Fiber laxatives are available by prescription or over the counter.

Fiber Laxative

A fiber laxative helps people suffering from constipation. A laxative helps loosen the stool and increases the chances of bowel movements. Some people use laxatives to speed up the amount of time it takes to eliminate waste from the body. Fiber laxatives are also known as bulk-forming laxatives and can help with other conditions besides constipation. People use laxatives to help provide relief during pregnancy, before a surgery, after a surgery to help avoid straining and to get the body back on the right track after a bout of poor nutrition.

How Fiber Laxatives Work

There are six types of fiber laxatives:

  • Calcium polycarbophil
  • Methylcellulose
  • Fructan
  • Psyllium
  • Malt soup extract
  • Psyllium hydrophilic muciloid

The Mayo Clinic describes a fiber laxative as one that is not digested by the body, but rather it absorbs liquid in the body, specifically in the intestine, and swells into a large, soft bulky mass. The mass then stimulates the bowels to move, which helps relieve constipation sufferers.

How to Take Fiber Laxatives

Laxative users can either get a prescription for a laxative or use an over-the-counter brand, like Metamucil. No matter the type of laxative, users should drink at least six to eight glasses of water per day when taking laxatives. Since many fiber laxatives are powder or granular form, it's important that users don't try to take the laxative dry. The package directions will instruct users how to take the product and gives the suggested amount of liquid to take with the laxative.

It is important that fiber laxative users take the laxative properly to ensure it delivers the desired effect. Since a fiber laxative works by creating a bulky mass, if a user does not drink enough fluids, the mass can cause an intestinal blockage. The Mayo Clinic recommends drinking at least eight ounces of water or juice when taking the laxative, and then again after taking the laxative. Users can expect to see results over the next couple of days. RX List recommends not using a laxative for more than seven days consecutively.

Fiber Laxatives Compared to Other Laxatives

There are a number of other laxative products on the market, all of them producing the same result with some differing side effects. According to Medical News Today, the other types of laxatives include:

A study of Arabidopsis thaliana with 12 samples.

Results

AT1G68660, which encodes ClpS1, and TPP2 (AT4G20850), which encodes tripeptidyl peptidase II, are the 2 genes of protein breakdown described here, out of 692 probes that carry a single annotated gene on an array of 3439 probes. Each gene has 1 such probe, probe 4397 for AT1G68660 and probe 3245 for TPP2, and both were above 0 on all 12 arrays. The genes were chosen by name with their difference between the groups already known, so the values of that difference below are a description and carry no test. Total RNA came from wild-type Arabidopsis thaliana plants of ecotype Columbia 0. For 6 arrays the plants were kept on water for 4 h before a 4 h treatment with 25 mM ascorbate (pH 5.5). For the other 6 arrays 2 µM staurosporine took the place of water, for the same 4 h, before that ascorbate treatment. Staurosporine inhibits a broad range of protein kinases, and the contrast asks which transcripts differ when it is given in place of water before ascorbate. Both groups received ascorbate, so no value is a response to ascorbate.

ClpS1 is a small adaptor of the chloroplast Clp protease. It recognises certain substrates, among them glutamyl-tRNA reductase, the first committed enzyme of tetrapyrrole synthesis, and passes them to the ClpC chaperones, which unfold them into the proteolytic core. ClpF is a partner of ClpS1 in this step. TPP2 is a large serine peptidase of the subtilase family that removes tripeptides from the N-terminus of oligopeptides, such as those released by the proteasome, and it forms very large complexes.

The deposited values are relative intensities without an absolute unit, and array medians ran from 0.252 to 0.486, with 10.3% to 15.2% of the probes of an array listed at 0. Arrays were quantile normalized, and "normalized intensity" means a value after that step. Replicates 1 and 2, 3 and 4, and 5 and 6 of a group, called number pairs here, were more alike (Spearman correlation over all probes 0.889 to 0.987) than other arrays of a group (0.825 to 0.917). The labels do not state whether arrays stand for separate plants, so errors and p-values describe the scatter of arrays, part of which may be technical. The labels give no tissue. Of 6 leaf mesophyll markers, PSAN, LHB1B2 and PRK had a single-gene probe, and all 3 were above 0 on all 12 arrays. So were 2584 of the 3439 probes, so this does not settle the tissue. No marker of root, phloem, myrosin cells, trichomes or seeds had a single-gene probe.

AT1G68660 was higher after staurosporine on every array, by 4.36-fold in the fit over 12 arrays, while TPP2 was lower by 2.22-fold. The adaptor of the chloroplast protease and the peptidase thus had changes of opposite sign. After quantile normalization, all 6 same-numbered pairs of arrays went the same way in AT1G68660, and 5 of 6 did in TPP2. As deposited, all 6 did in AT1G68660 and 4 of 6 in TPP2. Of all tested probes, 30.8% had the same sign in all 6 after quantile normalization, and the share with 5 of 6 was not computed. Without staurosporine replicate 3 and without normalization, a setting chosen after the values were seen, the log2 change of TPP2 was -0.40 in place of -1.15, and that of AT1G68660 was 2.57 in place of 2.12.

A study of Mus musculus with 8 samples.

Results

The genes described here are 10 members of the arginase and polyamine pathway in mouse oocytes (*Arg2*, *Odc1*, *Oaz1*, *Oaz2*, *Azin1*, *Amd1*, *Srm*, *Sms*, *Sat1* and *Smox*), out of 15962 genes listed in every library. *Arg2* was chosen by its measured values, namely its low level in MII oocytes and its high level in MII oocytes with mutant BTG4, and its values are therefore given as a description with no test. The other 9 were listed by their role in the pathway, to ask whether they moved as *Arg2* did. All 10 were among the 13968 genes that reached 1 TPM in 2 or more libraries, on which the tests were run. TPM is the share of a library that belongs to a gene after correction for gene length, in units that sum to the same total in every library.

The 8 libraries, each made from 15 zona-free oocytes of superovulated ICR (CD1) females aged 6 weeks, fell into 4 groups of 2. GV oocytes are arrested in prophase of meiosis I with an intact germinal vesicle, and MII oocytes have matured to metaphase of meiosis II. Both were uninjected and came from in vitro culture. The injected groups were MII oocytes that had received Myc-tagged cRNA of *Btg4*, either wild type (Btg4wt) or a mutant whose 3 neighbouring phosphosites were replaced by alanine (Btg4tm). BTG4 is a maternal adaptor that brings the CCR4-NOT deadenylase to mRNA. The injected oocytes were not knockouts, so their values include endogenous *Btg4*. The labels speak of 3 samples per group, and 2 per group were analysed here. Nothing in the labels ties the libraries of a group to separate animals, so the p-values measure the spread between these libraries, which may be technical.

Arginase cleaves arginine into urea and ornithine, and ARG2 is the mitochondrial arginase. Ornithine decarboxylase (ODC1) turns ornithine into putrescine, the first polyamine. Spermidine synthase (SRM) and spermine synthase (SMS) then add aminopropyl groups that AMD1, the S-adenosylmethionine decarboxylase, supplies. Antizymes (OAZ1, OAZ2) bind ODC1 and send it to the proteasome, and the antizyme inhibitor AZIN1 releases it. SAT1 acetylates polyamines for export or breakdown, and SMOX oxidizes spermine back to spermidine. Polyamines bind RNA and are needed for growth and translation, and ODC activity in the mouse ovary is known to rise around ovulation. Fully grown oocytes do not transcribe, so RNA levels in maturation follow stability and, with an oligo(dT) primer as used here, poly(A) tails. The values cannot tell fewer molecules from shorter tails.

• Foods -- Certain foods act as a natural laxative and help prevent constipation. Foods such as almonds, bananas, cranberry, figs, soybeans, walnut and yams are all foods that can help those that suffer from frequent constipation. Relying strictly on foods isn't as effective as a fiber laxative since it may take a few days before the foods help the body push out waste.
  • Stool softeners -- This product helps relieve constipation by pulling in fluids and fats that affect waste matter. Stool softeners help with occasional constipation, but become less effective with continued use.
  • Lubricants, such as mineral oil, work by lubricating the intestine and helping waste matter move smoothly through the body. Lubricants work a little quicker than fiber laxatives, usually taking just six to eight hours for a result.
  • Hydrating laxatives -- These include saline laxatives and hyperosmotic agents. Saline laxatives affect the intestines by retaining water in the intestines and helping the stool push through the body. Saline laxatives also cause the body to react with a certain amount of pressure, increasing the rapid release of waste. Hyperosmotic agents include rectal suppositories that draw water into the bowel and cause a release. The benefit of these laxatives over fiber laxatives is the immediate result. Users can get quicker relief with hydrating laxatives, sometimes in as little as 30 minutes.
  • Stimulant laxatives -- One of the most common types of stimulant laxatives is castor oil. These laxatives stimulate the colon, causing pressure and contractions that help release waste. Since these are irritants, they can have more severe side effects than a fiber laxative.


Precautions and Side Effects of Fiber Laxatives

There are certain times a person shouldn't take any form of laxative, whether fibrous or medicinal. Anyone with severe abdominal pain that may indicate appendicitis or inflamed bowel should seek medical advice. Also, laxatives are not for people who only have one or two days of a missed bowel movement. One side effect of laxatives may include dependency. Some people become so dependent on laxatives their body has a hard time eliminating waste without one. Other side effects include skin rashes, intestinal blockage and difficulty swallowing. Any laxative user should seek medical advice if experiencing any of these side effects.